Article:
Guest post: “Goodness in a Nietzschean World” by M.C. Planck
Today, we’re pleased to welcome author M.C. Planck to the BiblioSanctum to celebrate the release of Black Harvest, his newest novel and the fifth installment in the World of Prime sequence! Hard to believe how quickly time has flown and how much this series has expanded. The still recall with excitement the first book Sword of the Bright Lady with its world reminiscent of a video game, complete with fearsome monsters to be defeated and powerful rewards to be gained. It reminds me I really need to get back into this series full of magic, adventure, combat, and strategy! In the meantime though, I hope you enjoy this guest post by the author as he shares with us the influences behind his RPG and gaming-inspired world. Released June 11, 2019 by Pyr Books, Black Harvest is now available at bookstores everywhere, be sure to check it out!
GOODNESS IN A NIETZSCHEAN WORLD
by M.C. Planck
Many people are aware now of the literary influence of Jack Vance on Dungeons and Dragons, and thus by extension on the entire RPG world that has been created by, around, or in counterpoint to that game. Vance created spells that have to be memorized, the concept of levels for both magic and sword-fighting, and a ruined world full of forgotten marvels and outlandish monsters.
I think it is less obvious how much Nietzsche contributed to the genre with the concept of “that which does not destroy us makes us stronger.” In the Nietzschean view, as in all level-based RPGs, struggle and victory result in increased power, which enables even greater struggles and victories.
This is not how it works in Real Life. Professional boxers do not become better boxers by winning prize fights; instead, they routinely practice against opponents who are careful not to hurt them. They time their work-outs to taper off just before a big match so they will be fresh for the fight, and they require lengthy recovery time afterwards before they are ready for the next one. Victory brings recognition and financial rewards, which may then fuel future training, but victory itself is of no value to the fighter.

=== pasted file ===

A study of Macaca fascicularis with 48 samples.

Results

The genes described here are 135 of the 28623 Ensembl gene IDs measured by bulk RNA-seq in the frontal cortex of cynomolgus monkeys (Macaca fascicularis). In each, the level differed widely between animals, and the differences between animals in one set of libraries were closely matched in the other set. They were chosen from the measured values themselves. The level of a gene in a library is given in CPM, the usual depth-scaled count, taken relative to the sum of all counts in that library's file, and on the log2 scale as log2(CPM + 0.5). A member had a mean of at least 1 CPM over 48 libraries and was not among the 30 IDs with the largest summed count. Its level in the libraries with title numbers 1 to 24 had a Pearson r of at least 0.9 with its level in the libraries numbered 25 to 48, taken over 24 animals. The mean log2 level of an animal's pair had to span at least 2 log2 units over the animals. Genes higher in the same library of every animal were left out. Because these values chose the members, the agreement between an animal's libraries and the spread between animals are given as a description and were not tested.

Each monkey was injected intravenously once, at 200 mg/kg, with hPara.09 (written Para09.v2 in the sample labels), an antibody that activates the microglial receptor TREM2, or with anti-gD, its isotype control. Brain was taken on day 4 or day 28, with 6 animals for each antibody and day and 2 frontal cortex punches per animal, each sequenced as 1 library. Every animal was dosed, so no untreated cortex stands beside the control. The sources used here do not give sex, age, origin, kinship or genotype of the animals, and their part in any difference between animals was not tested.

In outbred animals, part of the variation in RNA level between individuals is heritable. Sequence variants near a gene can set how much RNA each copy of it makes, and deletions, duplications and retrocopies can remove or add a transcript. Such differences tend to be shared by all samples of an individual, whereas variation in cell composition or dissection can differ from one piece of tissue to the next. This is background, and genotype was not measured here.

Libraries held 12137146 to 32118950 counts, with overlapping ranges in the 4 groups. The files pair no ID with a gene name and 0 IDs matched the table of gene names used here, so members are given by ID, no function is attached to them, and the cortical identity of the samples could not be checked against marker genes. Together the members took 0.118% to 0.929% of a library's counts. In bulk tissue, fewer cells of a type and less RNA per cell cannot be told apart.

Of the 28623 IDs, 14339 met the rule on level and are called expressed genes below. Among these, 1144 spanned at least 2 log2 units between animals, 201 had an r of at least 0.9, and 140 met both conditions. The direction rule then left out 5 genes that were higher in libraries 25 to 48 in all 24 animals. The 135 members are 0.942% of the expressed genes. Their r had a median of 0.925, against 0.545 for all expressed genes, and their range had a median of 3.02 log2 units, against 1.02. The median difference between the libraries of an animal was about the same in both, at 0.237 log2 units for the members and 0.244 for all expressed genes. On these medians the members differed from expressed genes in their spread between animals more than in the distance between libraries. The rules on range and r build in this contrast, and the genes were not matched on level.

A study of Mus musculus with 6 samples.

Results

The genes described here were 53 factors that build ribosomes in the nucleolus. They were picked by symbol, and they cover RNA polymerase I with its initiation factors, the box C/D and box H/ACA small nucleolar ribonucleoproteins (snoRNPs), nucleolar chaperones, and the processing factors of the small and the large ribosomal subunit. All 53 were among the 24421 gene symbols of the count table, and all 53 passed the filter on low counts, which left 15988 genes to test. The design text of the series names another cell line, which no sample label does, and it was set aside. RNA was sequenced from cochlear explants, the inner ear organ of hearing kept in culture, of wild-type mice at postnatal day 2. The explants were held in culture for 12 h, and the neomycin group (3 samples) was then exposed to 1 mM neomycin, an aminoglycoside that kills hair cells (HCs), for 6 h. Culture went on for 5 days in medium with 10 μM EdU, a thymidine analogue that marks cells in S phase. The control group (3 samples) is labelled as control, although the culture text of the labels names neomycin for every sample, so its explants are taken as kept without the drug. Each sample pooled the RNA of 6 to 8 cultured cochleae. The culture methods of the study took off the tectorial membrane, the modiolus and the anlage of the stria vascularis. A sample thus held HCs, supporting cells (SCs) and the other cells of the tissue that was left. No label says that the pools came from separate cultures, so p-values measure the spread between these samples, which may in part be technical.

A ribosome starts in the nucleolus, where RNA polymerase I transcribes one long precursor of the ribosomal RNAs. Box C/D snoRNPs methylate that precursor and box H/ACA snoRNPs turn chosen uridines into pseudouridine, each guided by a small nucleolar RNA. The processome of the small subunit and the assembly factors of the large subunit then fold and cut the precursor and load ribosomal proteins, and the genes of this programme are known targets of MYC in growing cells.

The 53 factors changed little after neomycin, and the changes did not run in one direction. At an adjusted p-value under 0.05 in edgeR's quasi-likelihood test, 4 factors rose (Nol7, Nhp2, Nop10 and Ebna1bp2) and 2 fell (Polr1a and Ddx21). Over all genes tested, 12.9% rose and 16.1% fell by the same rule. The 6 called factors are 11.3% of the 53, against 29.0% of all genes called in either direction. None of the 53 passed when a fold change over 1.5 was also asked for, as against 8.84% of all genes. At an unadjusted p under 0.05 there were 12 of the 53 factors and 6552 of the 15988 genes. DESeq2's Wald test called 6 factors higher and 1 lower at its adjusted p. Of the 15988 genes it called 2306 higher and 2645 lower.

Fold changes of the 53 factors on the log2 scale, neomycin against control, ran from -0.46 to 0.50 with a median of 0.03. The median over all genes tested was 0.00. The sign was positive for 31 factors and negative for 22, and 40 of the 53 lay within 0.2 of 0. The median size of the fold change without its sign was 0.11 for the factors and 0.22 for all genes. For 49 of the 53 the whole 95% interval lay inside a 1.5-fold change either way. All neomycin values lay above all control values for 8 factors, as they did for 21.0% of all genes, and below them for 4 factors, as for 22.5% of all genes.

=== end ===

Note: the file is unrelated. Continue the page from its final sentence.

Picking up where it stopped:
Or, as is often said of chess, you only learn from games you lose.
But that doesn’t make for a very fun role to play, and it doesn’t drive the apotheosis of the uberman which we call “levelling.” In D&D and its variants, one gains power not through practice but through victory; it is a running joke that an academic sitting in his tower studying ancient tomes masters the arcane arts less successfully than an adventurer blasting goblins to bits on a daily basis.
Many fantasy novels tend to simply ignore this rift between the games we play and the books we read. The peculiarities of level and progressive victory are written of as rounding errors in the mechanics, blemishes that show how difficult it is to simulate a world in a set of game rules.
For my book Sword of the Bright Lady, I wanted to examine those concepts directly. I wanted to see what the world would look like if the rounding errors were really real. I wanted to know what it would be like to live in the world we play in, rather than attempting to play in the world we live in.
In the World of Prime, you really do get better through victory: levels, and the supernatural powers they bring, are gained by consuming the souls of the slain. Training has its purpose and mortal warriors still use it, but even the greatest Olympian is easily outclassed by a serial killer with a body count in the dozens. By making souls a tangible commodity that can be harvested, bought, and sold, I managed to organically derive every trope of the genre: kings really are all fantastic swordsmen, wizards will make you magic swords for a price, side-quests are a perfectly reasonable way to prepare for saving the world, and murder-hobo is a legitimate career choice.
Once I created this world, I discovered an even more interesting question: how does one do good in a world where the power to do good comes from eating people’s brains? What is the difference between a saint and a sinner, if both of them have gained their position through the deaths of innocents? Is the ability to heal the sick and raise the dead worth ten thousand corpses?
How can you gain powers that make you more than human, at such a terrible price, and yet remain true to yourself and your morality? That is the question I set out to answer in Sword of the Bright Lady. My protagonist, Christopher Sinclair, is a modern person because I wanted a morality and a viewpoint we could relate to. He is an engineer because I wanted him to be a problem-solver. He becomes a priest of Good because I wanted to see how he did it. Along the way there are some great sword-fights and cool spells, which hopefully keep the story interesting, but also give me the opportunity to poke fun at any number of silly situations that appear in our games and yet, in the World of Prime, turn out to be perfectly reasonable responses to the inherent absurdity and cruelty of an genuinely Nietzschean world.
M.C. Planck is the author of the World of Prime fantasy series of novels and the science fiction novel The Kassa Kambit. After a nearly-transient childhood, Mike hitchhiked across the country and ran out of money in Arizona. So he stayed there for thirty years, raising dogs, getting a degree in philosophy and founding a scientific instrument company. Having read virtually everything by the old masters of SF&F, he decided he was ready to write. A decade later, he was actually ready and relieved to find that writing novels is easier than writing software, as a single punctuation error won’t cause your audience to explode and die. When he ran out of dogs, he moved to Australia to raise his daughter with kangaroos.